Take Time Away from Work
It may seem contrary to say, but one of the biggest success factors for optimal work performance is actually taking time away from work. Countless studies have shown the effects of improved productivity and creativity when we take breaks regularly. But that’s sometimes hard to do. I know, because I’m someone who tends to work through her lunch breaks in order to get more done and check email throughout her short vacations so that I don’t have as much catch-up to play upon my return. So I need this topic as much as anyone else, I’d say.
Most of us are very dedicated to our work, whether we work in the home or in an office. That’s part of what makes us so good at what we do, and it’s an admirable trait. In fact, given the choice, most employers would rather hire someone who’s highly dedicated than one that’s not. But part of that dedication should include taking time away so that we can do our best work. It’s not only important to our work, it’s important to our sanity and our sense of balance. I just returned from my first-ever, two-week vacation to California and Arizona. I didn’t check my work email once. I can’t tell you how renewed I feel as I return to work today, and I’m sure that my work will be better for it. I promise you that whatever your job is, you’ll be better at it for taking time away to rejuvenate.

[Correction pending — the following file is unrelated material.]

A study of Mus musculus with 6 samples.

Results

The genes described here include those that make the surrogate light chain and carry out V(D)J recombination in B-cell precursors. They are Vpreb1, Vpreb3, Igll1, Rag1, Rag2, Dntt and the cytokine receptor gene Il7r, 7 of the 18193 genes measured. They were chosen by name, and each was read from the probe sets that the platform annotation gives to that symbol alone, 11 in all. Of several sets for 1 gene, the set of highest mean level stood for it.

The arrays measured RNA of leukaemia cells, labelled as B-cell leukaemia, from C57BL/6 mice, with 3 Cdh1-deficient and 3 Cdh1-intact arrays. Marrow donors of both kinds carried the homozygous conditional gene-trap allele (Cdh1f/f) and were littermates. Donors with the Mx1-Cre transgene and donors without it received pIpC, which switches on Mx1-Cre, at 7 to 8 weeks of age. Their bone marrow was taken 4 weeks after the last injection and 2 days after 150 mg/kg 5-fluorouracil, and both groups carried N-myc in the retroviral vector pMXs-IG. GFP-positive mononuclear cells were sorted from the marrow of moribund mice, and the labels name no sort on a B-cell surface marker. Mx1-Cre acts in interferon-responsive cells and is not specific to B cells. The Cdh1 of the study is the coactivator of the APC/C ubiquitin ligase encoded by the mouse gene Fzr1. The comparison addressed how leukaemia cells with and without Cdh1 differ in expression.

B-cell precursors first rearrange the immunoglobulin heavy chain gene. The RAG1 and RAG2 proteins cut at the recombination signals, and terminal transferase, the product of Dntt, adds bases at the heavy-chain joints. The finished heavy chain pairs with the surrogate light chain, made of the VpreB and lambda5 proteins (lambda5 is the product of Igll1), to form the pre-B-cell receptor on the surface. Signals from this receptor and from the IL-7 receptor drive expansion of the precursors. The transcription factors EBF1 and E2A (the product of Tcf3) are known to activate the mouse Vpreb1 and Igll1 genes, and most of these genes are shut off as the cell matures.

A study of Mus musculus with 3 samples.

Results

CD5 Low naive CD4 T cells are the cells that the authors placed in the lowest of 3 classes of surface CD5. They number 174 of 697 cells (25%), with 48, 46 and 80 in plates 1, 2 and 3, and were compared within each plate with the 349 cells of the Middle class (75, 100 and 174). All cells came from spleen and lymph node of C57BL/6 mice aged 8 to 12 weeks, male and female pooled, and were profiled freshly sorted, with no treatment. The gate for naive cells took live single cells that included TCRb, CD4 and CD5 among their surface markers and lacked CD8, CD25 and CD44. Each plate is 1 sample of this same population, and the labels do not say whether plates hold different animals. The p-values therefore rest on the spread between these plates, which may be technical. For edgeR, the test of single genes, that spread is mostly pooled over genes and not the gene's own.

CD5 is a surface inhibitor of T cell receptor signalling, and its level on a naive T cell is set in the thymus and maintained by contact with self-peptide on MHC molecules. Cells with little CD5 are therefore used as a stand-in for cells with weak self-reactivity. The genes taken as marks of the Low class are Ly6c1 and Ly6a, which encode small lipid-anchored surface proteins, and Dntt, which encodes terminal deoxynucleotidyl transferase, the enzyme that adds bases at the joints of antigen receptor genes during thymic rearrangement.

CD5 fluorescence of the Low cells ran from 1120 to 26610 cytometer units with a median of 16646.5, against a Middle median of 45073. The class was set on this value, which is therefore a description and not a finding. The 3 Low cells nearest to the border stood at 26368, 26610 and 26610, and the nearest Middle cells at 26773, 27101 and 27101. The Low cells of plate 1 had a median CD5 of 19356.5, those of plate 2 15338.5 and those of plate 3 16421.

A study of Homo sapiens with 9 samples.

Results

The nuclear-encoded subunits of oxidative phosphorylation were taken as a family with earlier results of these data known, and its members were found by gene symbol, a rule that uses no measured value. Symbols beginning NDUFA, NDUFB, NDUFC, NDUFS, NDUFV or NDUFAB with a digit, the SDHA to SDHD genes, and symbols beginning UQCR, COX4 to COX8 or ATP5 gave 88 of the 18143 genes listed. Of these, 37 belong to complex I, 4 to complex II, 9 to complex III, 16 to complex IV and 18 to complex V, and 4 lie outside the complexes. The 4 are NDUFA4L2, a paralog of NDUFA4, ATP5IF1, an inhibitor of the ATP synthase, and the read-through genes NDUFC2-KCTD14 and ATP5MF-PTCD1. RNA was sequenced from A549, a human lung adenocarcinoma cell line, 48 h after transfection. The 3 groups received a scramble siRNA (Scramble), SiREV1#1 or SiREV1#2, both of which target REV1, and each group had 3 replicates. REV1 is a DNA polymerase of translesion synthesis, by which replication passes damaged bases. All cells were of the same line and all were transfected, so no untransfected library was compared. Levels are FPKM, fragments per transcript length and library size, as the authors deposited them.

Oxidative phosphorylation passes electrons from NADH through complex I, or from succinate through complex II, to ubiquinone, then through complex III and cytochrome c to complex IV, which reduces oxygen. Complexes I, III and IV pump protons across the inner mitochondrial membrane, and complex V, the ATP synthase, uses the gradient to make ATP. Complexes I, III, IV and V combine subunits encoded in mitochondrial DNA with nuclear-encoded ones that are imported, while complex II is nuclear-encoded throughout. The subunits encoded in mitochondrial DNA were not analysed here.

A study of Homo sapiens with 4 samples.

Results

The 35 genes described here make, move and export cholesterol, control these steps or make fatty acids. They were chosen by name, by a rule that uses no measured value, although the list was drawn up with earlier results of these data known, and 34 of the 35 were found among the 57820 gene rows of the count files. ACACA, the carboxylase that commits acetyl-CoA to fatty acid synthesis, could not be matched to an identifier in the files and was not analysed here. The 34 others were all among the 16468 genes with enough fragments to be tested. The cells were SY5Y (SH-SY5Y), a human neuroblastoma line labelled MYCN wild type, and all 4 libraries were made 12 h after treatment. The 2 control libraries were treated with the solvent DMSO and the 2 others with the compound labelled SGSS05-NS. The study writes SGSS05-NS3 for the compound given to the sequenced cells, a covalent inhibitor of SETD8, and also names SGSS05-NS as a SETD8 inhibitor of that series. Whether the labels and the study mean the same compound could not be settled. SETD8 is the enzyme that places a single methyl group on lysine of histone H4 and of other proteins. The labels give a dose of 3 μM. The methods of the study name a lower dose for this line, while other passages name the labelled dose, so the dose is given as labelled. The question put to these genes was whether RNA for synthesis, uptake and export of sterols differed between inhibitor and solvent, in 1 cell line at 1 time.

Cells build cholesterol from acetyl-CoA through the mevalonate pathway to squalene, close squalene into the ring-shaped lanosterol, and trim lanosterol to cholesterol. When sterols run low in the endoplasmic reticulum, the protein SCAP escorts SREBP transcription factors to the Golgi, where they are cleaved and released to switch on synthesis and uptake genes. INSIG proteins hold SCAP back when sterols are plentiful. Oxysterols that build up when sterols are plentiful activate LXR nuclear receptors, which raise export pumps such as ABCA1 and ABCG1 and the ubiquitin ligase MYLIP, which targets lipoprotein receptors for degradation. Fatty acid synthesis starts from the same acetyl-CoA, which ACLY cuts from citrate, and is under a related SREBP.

You don’t need to take two weeks’ vacation like I did to feel the benefits. Try any or all of the following to take a bit of time away to recharge:
Take 10-15 minute breaks every 4 hours. This is mandated by some labor laws, but even if you’re self-employed you can make this a practice. Take a quick walk, unplug, read a book, call a friend—do something for that 10-15 minutes that has nothing to do with work. Enjoy that time, and see what a difference it makes after doing it regularly for a week.
Take a lunch break. Even if your lunch break is only 20 minutes, take time away from your work to eat and enjoy your lunch. Try it regularly this week, and you’ll see improvements in your digestion, your blood sugar, and your mood.
Be off in your off hours. Unplug from work mode when you’re off work. Take time to develop interests and do things that pull your mind away from work, such as catching a movie, going out with friends, or taking a class on a non-work-related topic. If you work from home, make sure you leave your house for a few hours a week in your off time to engage your brain in a different setting. If the bulk of your work is on a computer, unplug for a bit when you’re off to make sure you’re re-energized in different ways. Don’t check your work email or work on projects related to work. Really be off for a week to see what difference it makes to your mood and your work performance.
Take a vacation. Whether it’s a week-long trip to a location you haven’t visited or a few-day stay-cation around town, take some extended time away from work to see how it helps re-energize you.
This week, try one or more of these ideas to take time away from work. I promise it will help you improve your sanity and your work performance. Then please share your experiences and insights with us in a comment.